IT took visiting Tibetan Gyuto Monks three days and much patience and precision to create a vibrant sand mandala when they visited the Heyfield Wetlands Centre at the weekend.
The chosen mandala, the Sand Mandala of Yamantaka, protector of life, was dispersed at a dissolution ceremony late Sunday afternoon.
During the monks stay a number of locals made their way to the Heyfield Community Resource Centre to listen to the monks speak on meditation and positive thinking techniques.
For all but one of the monks it was the first time they had left the monastery, and a first for all to travel to Australia.
Organiser Heyfield Community Resource Centre’s Julie Bryer said “It’s been wonderful.”
About 300 students from Toongabbie Primary School, Cowwarr Primary School, Nambrok-Denison Primary School, St Michael’s Primary School, Heyfield Primary School and Sale College visited the centre on the Friday enthralled by what the monks had to say.
Many of the monks’ lessons centred on contemporary issues faced by students such as bullying, social media and obesity.
“The secondary kids in the morning, there were about 40 of them, didn’t blink or move for three quarters of an hour,” Mrs Bryer said.
The primary students too seemed to be held in a trance, asking many insightful questions of the monks.
Students asked the monks if they had ever broken the rules, if they all wore the same uniform and what the colour of their robes meant.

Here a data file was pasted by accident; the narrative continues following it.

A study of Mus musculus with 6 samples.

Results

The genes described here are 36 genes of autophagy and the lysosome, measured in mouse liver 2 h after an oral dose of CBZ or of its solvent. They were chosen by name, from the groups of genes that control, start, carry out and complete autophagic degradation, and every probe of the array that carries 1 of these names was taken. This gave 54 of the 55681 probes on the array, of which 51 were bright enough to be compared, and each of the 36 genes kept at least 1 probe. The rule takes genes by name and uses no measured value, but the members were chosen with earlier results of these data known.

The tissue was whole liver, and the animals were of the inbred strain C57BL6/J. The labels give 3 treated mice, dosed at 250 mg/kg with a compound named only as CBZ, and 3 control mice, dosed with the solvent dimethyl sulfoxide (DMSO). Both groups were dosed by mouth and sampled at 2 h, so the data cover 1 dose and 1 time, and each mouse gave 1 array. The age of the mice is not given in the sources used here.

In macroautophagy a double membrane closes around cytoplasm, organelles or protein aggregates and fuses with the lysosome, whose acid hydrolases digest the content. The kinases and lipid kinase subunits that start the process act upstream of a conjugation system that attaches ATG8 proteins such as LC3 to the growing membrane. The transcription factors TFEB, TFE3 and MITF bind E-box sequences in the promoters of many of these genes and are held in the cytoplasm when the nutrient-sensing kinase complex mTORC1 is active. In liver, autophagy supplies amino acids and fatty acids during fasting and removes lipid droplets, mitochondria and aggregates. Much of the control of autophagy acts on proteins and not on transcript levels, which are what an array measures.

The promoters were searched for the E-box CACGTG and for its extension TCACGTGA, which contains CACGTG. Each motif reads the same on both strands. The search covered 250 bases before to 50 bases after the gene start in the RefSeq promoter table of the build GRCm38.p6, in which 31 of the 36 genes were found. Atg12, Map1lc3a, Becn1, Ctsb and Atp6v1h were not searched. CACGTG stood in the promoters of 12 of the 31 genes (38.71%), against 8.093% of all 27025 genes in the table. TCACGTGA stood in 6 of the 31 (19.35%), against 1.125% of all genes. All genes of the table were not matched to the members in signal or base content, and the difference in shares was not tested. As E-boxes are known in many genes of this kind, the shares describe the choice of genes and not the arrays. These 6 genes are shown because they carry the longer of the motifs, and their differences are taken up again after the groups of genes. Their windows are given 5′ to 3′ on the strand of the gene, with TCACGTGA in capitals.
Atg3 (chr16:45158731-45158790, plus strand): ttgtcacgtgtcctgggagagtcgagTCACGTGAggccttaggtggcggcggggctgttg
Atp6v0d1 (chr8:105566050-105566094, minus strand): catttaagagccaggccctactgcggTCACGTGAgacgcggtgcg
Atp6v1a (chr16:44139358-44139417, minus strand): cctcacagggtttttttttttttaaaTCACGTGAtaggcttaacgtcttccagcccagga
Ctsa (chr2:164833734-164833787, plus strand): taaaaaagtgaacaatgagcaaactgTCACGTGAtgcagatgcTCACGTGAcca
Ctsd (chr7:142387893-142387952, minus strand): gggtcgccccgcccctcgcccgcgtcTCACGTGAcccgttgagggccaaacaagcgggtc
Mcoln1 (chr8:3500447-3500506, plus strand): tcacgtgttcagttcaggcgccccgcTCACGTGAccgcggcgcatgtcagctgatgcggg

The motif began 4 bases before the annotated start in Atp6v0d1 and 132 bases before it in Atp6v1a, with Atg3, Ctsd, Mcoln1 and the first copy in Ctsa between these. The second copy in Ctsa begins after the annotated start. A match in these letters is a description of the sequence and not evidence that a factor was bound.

In response the monks informed students their religion was about aspiring and working towards being a better person, with one of the monks providing an example of ‘rule breaking’ where he was tempted by a sweet dessert.
They said all monks wore robes of the same colour, maroon for everyday wear and yellow for prayer.
The reason they wore those colours, the monks said, was because when Buddha fled his princely life he shed his noble robes and, in a cemetery wrapped himself in the robes befitting a corps, maroon being considered a morbid colour in parts of Asia.
In donning such robes, the monks interpreter explained, Buddha decided the opinions of others didn’t matter, determining that in order to be happy, he had to find peace within himself.
To end the lecture the monks broke into small groups assisting students in the construction of peace trees, by decorating tree branches in colourful paper, ribbon and cloth.
On Saturday the monks held a special harmonic chanting performance, with half the proceeds of tickets going to the bushfire appeal.